The ear mite Otodectes cynotis is a surface mite that lives on cats, dogs, rabbits and ferrets. It is usually found in the ear canal but it can also live on the skin surface. The entire ear mite life cycle takes place on animals. Cats become infested by direct contact with another infested animal. The mite is just visible to the naked eye and can be seen as a white speck moving against a dark background.
What are the clinical signs of ear mites?
Ear mites are the most common cause of feline ear disease and infection. They are the second most common ectoparasite found on cats; the most common is the flea. Infestations are most common in kittens and young cats although cats of any age can be affected. Clinical signs of infestation vary in severity from one cat to another and include combinations of:
- Ear irritation causing scratching at the ears or head shaking
- A dark waxy or crusty discharge from the ear
- Areas of hair loss resulting from self-trauma – scratching or excessive grooming
- A crusted rash around or in the ear
- An aural hematoma – a large blood blister cause by rupture of small blood vessels between the skin and cartilage of the ear usually on the inner aspect – caused by scratching at the ears
Skin lesions most frequently affect the ear and surrounding skin but occasionally other areas of the body may be affected.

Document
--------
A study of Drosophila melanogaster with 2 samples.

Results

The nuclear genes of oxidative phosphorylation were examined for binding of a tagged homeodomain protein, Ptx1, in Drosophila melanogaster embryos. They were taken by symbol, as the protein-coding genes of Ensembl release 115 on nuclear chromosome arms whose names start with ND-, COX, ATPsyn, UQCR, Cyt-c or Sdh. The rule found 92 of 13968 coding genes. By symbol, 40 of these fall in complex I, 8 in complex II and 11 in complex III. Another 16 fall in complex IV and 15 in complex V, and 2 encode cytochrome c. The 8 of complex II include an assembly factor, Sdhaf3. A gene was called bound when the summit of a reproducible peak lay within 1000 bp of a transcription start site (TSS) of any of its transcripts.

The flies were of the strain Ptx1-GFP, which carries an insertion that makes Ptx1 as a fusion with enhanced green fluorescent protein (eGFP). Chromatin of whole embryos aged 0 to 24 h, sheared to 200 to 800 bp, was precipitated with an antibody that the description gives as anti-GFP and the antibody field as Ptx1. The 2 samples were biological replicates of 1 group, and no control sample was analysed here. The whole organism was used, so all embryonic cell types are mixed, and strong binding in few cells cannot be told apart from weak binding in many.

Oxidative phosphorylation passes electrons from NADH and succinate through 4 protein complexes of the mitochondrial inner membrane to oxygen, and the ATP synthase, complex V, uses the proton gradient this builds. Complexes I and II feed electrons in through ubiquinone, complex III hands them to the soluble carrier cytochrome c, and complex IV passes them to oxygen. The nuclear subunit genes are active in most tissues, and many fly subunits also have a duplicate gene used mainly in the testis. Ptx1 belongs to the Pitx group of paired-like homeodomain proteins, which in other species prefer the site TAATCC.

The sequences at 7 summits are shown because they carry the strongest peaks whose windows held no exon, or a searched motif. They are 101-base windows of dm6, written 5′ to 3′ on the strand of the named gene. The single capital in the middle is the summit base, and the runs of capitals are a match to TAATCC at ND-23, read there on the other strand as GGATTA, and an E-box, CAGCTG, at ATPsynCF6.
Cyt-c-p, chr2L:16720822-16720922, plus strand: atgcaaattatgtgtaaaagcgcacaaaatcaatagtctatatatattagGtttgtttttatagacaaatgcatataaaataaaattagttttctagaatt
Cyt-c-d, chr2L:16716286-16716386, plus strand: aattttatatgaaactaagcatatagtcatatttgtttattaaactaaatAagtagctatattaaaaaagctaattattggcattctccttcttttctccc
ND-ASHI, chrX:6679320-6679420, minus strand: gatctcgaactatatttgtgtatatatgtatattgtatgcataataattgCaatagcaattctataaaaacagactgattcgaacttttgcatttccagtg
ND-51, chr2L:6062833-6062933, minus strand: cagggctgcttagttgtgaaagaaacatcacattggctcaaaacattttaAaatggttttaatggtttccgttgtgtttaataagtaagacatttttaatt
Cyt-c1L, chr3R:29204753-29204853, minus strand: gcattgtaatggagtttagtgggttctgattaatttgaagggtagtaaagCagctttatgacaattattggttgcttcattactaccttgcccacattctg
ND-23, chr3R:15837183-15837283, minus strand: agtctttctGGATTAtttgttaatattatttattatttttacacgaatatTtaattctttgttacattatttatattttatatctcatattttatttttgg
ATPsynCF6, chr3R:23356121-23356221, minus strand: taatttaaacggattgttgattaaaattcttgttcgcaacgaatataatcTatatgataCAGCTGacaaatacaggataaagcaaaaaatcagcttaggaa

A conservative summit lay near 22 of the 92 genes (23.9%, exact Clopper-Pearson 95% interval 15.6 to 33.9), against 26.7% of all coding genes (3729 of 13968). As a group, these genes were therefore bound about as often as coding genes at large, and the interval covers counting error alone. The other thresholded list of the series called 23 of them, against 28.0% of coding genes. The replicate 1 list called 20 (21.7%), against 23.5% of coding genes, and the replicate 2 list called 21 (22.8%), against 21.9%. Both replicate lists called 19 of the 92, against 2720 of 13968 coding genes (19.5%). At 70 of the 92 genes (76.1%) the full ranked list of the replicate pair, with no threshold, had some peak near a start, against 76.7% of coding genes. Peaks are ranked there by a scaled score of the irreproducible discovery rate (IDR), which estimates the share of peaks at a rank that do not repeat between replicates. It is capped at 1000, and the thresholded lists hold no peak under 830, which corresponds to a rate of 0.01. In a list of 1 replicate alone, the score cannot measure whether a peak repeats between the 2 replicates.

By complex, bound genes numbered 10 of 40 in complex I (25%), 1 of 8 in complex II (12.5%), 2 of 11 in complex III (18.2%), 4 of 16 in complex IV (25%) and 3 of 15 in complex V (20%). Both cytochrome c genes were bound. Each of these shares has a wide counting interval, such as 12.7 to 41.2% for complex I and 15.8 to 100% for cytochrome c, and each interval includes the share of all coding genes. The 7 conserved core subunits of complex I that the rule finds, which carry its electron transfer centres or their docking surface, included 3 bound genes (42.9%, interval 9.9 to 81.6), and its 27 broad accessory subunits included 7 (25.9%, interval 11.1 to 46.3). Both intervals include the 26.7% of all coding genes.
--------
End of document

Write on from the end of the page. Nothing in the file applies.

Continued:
How are ear mite infestations diagnosed?
Typical clinical signs with a history of contact with other cats or dogs would suggest the involvement of ear mites. Ear mites cause over half of all feline ear disease. However, other conditions can result in very similar clinical signs and must be ruled-out before treatment is begun.
A veterinarian makes the diagnosis by seeing the mite. This is usually straightforward and may be done either by examination of the cat’s ears with an otoscope or by microscopic examination of discharge from the ear. If the ears are very sore, the cat may need to be sedated to allow the ears to be properly examined and treated.
How are ear mites treated?
Three steps are required to successfully treat ear mites:
- Treat the ears of all affected and susceptible pets
- Treat the skin of all affected and susceptible pets
- Treat the indoor environment because the mite is capable of limited survival off pets
Your veterinarian will advise you about which insecticidal products are suitable. There are several ear medications licensed for the treatment of ear mites. There are no products licensed for use on the house or on an animal’s skin but many products licensed for flea control are effective.
Your veterinarian may ask you to continue the treatment regime for at least twenty-one days after which your veterinarian may re-examine the cat to ensure that the mites have been eliminated.
Do ear mites affect people?
Ear mites may cause a temporary itchy rash on susceptible people if there are infested pets in the household. Eradication of the mites from the pets will cure the problem.